The boat rides start at 11 a.m. and run to 5 p.m.; the puppet show starts at 1:30. Admission is $10 per family of five or $4 per person, which includes admission to the Museum and its current exhibition, “The Face of Work in the Hudson Valley.” Another permanent attraction that the kids won’t want to miss is the mock-up of a steamship containing a real steam engine, on the waterfront side of the Museum.
If you really want to learn about steamboats, however, it’s essential to return the following day, August 7, for William Ewen’s lecture, part of the Museum’s “Follow the River” series and held at 4 p.m. Ewen, a maritime historian and artist who grew up on Hastings-on-Hudson, has just written a book for Acadia Publishing titled Steamboats on the Hudson River, which contains never-before-seen images of commercial steamboats and fascinating views of the ports that they visited. Ewen himself rode many of the steamers and talked with several of the old salts who had worked on the boats and the river; he also knows how to tell a story, having been lecturing on cruise ships since 1995.
Ewen makes the case that the Hudson River was the cradle of American steamboating: It’s where Robert Fulton’s first primitive-but-successful experiment made its debut. Every type of steamboat, from palatial 400-foot sidewheelers to small but rugged freight boats, plied its waters, thus becoming representative of the steam-powered craft that served communities throughout North America.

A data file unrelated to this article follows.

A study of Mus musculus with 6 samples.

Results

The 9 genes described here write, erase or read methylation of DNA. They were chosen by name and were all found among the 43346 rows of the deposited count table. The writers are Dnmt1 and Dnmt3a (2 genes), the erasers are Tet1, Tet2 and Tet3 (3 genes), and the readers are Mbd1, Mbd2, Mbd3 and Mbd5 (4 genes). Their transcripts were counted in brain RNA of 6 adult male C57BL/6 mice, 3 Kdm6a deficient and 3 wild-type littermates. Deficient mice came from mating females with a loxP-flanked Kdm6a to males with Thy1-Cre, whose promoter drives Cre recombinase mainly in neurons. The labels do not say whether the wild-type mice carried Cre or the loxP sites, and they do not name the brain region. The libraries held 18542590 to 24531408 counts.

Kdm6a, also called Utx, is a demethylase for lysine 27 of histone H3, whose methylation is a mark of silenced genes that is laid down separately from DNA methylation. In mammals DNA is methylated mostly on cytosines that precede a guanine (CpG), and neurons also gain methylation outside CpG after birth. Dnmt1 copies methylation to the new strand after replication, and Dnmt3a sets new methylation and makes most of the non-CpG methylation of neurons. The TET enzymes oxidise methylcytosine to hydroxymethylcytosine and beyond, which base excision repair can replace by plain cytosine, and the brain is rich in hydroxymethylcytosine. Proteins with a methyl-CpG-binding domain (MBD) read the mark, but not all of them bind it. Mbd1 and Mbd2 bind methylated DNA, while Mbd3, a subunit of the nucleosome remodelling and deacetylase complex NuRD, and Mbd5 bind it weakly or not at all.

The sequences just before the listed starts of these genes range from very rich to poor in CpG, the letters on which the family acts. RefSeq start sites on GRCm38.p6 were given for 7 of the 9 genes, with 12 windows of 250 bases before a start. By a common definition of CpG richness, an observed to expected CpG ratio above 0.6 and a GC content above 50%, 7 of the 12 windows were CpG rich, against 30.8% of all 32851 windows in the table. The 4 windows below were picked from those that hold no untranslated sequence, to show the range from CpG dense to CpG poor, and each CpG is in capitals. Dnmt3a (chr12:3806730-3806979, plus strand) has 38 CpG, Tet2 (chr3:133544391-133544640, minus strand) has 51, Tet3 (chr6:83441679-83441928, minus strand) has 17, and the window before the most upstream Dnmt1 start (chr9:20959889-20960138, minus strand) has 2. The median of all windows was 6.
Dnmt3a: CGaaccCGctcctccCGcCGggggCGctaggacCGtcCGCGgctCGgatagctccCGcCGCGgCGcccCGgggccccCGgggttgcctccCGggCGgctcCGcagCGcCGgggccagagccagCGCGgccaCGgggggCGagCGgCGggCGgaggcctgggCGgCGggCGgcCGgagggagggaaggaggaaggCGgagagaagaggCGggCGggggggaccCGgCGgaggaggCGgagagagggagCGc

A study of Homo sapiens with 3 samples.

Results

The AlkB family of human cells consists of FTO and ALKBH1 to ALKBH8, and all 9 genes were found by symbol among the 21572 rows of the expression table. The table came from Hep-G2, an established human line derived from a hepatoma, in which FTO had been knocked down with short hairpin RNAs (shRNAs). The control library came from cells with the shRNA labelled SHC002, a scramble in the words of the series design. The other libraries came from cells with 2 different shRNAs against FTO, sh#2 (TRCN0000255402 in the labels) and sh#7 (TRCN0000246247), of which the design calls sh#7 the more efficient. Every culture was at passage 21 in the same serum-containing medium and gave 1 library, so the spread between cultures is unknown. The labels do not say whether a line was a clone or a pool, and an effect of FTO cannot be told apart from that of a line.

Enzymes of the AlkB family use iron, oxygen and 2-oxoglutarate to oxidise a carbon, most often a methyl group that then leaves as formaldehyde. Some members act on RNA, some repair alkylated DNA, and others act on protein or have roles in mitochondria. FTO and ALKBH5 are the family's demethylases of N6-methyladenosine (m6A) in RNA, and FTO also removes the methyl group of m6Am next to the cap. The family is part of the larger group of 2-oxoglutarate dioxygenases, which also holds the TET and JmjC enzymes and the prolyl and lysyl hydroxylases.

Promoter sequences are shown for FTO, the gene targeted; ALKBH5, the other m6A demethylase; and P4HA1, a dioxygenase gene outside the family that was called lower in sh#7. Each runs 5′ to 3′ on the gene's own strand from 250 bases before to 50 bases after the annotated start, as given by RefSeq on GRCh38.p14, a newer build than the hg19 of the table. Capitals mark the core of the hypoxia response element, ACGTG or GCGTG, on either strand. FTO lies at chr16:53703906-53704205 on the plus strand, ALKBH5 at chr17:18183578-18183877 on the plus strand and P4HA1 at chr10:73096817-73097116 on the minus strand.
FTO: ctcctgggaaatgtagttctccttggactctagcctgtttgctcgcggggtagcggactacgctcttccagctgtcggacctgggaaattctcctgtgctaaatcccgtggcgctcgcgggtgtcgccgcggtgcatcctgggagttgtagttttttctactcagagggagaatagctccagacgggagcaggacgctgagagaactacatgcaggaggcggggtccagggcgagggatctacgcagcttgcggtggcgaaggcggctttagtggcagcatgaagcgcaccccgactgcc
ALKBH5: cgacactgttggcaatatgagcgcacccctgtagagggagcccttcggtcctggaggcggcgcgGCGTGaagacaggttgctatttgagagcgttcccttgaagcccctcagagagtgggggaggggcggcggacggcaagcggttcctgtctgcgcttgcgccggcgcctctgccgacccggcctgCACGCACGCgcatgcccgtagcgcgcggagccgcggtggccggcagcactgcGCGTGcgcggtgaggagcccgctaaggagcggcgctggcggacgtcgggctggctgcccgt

Two weeks later, the Maritime Museum is hosting another event, the Antique and Classic Boats Show, which will be held on Saturday and Sunday, August 20 and 21. The event attracts dozens of historic small yachts and cruisers, many of which will participate in a competition held by the Antique and Classic Boat Society on Saturday, followed by a celebratory dinner at Rosita’s. The public is invited to ogle the polished mahogany decks and cabins, brass fittings and svelte lines of the vintage boats, with the climax happening on Sunday at noon, when a boat parade gets underway. The Museum is offering free admission on Saturday to any resident of Dutchess and Columbia Counties as well as anyone with a ticket stub from the Lark ferry, which travels between Kingston and Rhinecliff.
The Museum is also hosting a maritime film series on Wednesdays at 6:30 p.m. Admission is free, and the schedule is as follows: August 10, The Old Man and the Sea, with Spencer Tracy; August 27, The African Queen, with Humphrey Bogart and Katharine Hepburn; August 24, Billy Budd, with Robert Ryan, Peter Ustinov and Terence Stamp; and August 31, The Caine Mutiny, with Humphrey Bogart. The Hudson River Maritime Museum is located on the Rondout waterfront in Kingston.